He is the most beloved person in Winnipeg.
No, not Mark Chipman.
But you're close.
Chipman wrote the introduction to the just-released biography of Dancing Gabe Langlois, who's my choice as the city's one, and only, MBP.
In fact, the co-owner of the Winnipeg Jets was among the first people Gabe thanked by dropping by Wednesday with an autographed hardcover copy of Dancing Gabe: One Step At A Time.
Gabe dropped by to see Chipman at the MTS Centre on a daylong book-launch tour that was partly a show of gratitude, mostly promotional and sometimes unannounced. It was all three of those that landed him in the Free Press atrium around midday without an appointment and asking to see me. But I wasn't the only one he had an autographed book and a "thank-you" for, because several Free Press journalists have written about Gabe during the more than 30 years the intellectually challenged, now-52-year-old, child-like man has made cheering for the home teams that are both his passion and his purpose. Free Press writers -- including the late Lindor Reynolds whose words about Gabe grace the front of the book jacket -- have told his story, in part.
We have written about Gabe not speaking until he was 10, about his Rain Man-like knowledge of sports and gift for spelling, and even the way, on occasion, he has been treated in not-so-beloved ways by bullies at games.
But Gabe's story has never been told with all the detail first-time author Daniel Perron could fit into 280-plus pages of words and pictures in the self-published book.
It was Gabe's older brother, Mike, who chose Perron to tell the story. Mike is a former professional hockey referee who once had a supervisor of officials criticize him between periods of a Manitoba Moose game for gazing up into the stands during stoppages in play. Until Mike told him who he was looking for in the crowd.
Mike was the one who first got Gabe dancing by taking him to a hockey game, and it was Mike who, nearly a decade ago, came up with the idea of a biography.
Yet it was only a little more than a year ago mutual friends introduced Mike to Perron, the former RCAF navigator he would choose to do the research and writing. And, in the telling, make the story almost as much about family, as it is about a man. Maybe more.
"The story to me," Perron said, "is about love and human kindness and community. I know for most people Dancing Gabe is about sports and dancing and jiving at games. Sports, at least in my assessment, gives Gabe the platform. But it's all of the people around him, from the day he was born, until today even... to me, that's what the story is about."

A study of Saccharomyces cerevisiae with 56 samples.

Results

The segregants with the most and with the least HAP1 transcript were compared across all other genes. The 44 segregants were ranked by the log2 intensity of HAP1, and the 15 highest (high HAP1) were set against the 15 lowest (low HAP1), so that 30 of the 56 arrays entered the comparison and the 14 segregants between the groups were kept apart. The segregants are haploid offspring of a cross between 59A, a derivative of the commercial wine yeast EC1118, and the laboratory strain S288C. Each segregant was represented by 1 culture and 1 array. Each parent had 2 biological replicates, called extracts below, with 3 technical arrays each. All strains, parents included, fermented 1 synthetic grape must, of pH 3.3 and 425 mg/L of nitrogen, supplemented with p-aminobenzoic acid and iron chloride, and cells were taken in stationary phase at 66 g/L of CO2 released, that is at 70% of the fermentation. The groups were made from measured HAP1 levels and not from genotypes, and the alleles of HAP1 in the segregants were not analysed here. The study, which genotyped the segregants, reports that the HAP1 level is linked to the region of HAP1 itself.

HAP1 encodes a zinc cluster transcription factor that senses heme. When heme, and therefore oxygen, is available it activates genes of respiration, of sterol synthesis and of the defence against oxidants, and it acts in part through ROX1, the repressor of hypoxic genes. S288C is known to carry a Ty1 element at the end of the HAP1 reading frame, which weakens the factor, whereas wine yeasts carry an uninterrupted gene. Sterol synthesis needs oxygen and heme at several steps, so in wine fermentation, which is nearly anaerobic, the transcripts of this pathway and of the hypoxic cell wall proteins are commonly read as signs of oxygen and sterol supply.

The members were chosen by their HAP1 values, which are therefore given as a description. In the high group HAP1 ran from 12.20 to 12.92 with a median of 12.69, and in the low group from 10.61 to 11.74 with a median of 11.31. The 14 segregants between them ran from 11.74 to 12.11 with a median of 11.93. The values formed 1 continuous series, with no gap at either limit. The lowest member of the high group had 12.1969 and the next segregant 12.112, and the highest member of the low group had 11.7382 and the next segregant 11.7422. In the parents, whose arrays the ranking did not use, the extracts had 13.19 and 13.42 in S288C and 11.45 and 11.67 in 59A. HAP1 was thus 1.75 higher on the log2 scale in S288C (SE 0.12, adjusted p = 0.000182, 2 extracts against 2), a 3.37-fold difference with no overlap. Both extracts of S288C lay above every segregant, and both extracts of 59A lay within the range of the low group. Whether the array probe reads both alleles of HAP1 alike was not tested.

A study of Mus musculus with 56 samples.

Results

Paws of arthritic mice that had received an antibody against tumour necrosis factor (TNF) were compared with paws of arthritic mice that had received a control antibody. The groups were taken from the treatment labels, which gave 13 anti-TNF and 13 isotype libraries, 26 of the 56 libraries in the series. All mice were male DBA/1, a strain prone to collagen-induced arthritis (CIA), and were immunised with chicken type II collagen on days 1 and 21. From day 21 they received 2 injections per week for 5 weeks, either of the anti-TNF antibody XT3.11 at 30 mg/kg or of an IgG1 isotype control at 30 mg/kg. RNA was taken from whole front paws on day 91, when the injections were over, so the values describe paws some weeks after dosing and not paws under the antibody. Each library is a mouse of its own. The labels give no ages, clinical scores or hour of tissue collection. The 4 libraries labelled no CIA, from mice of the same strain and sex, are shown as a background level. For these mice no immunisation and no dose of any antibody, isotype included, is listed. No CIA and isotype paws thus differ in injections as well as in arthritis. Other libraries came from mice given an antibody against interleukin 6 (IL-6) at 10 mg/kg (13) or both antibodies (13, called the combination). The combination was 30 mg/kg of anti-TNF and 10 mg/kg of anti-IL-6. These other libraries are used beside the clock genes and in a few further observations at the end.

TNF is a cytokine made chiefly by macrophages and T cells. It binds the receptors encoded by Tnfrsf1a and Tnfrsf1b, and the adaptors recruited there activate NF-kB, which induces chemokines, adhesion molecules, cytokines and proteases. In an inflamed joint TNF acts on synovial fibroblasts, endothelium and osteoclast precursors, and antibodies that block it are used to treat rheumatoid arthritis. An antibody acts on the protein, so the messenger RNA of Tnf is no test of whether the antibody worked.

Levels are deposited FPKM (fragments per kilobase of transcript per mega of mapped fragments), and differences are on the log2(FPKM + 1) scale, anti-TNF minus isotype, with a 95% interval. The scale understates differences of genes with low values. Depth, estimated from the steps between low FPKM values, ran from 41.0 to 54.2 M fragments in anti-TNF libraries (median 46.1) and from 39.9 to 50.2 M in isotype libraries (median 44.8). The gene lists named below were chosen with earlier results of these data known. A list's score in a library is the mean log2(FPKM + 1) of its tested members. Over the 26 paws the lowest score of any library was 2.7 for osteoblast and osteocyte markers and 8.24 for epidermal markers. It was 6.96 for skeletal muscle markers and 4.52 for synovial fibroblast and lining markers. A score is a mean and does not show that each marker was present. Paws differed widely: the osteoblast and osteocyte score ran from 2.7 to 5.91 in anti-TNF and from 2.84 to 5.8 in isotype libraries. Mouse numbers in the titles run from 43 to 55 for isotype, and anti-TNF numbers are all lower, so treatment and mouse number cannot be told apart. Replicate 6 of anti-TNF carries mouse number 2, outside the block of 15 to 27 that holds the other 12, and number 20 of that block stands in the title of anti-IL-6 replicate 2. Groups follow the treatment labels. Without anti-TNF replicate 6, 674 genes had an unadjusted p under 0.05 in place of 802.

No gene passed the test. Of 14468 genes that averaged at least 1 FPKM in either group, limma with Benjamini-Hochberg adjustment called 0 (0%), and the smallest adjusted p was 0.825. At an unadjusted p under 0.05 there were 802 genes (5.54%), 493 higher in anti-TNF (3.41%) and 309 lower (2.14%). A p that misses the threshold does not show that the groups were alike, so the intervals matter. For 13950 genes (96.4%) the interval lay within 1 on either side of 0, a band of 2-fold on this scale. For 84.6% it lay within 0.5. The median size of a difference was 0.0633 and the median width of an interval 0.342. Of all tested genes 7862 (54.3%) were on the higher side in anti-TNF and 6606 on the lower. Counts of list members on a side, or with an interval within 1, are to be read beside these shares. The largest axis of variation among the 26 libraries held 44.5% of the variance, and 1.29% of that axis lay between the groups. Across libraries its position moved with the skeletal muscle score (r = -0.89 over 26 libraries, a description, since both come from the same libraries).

To learn that and more, Perron went digging in places the family didn't even know were there.
"He surprised the whole family with his research," Mike said of Perron when we all sat down Wednesday in the Free Press atrium. "Because he found things that, we went, 'Wow. Where did he find that.' He's like a private investigator."
For example? "My mother's history as a nun," Mike said.
It wasn't that the family didn't know their mother, Angelina, had been in training to be a nun, essentially since she was 12, when she went under the tutelage of an order from Notre-Dame-de-Lourdes, in rural Manitoba. But, again it was the details Perron uncovered from her personal file that were buried in the Chanoinesses order's archives in St. Boniface. By 16, for instance, Angelina had chosen the name Sister Denis-du-Christ-Roi and was on the way to two years as a novitiate, followed by the taking of temporary vows. But when Angelina was 22, and the time came to make the vows permanent, she couldn't do it. Her faith was still strong, but she wanted more out of life.
Angelina would go on to marry and have six children within seven years, Gabe was No. 3.
The book is dedicated to Angelina.
And while Perron might not have placed the thought on the page, I have a feeling Angelina's time as a nun-in-training helped prepare her for the child born so different from the rest. The little boy with autism who made so much of his life and has given so much to others with his three greatest gifts: loyalty, enthusiasm and perseverance. Not a bad trio in life.
The last word in this column, if not the book, should go to Gabe. So I asked Winnipeg's No. 1 fan what his happiest moment in life has been.
"May 31, 2011," he said without pause. "The day the NHL came back to the city."
Ah, yes. The day the other Jets fans were dancing in the streets. Just the way Dancing Gabe taught them.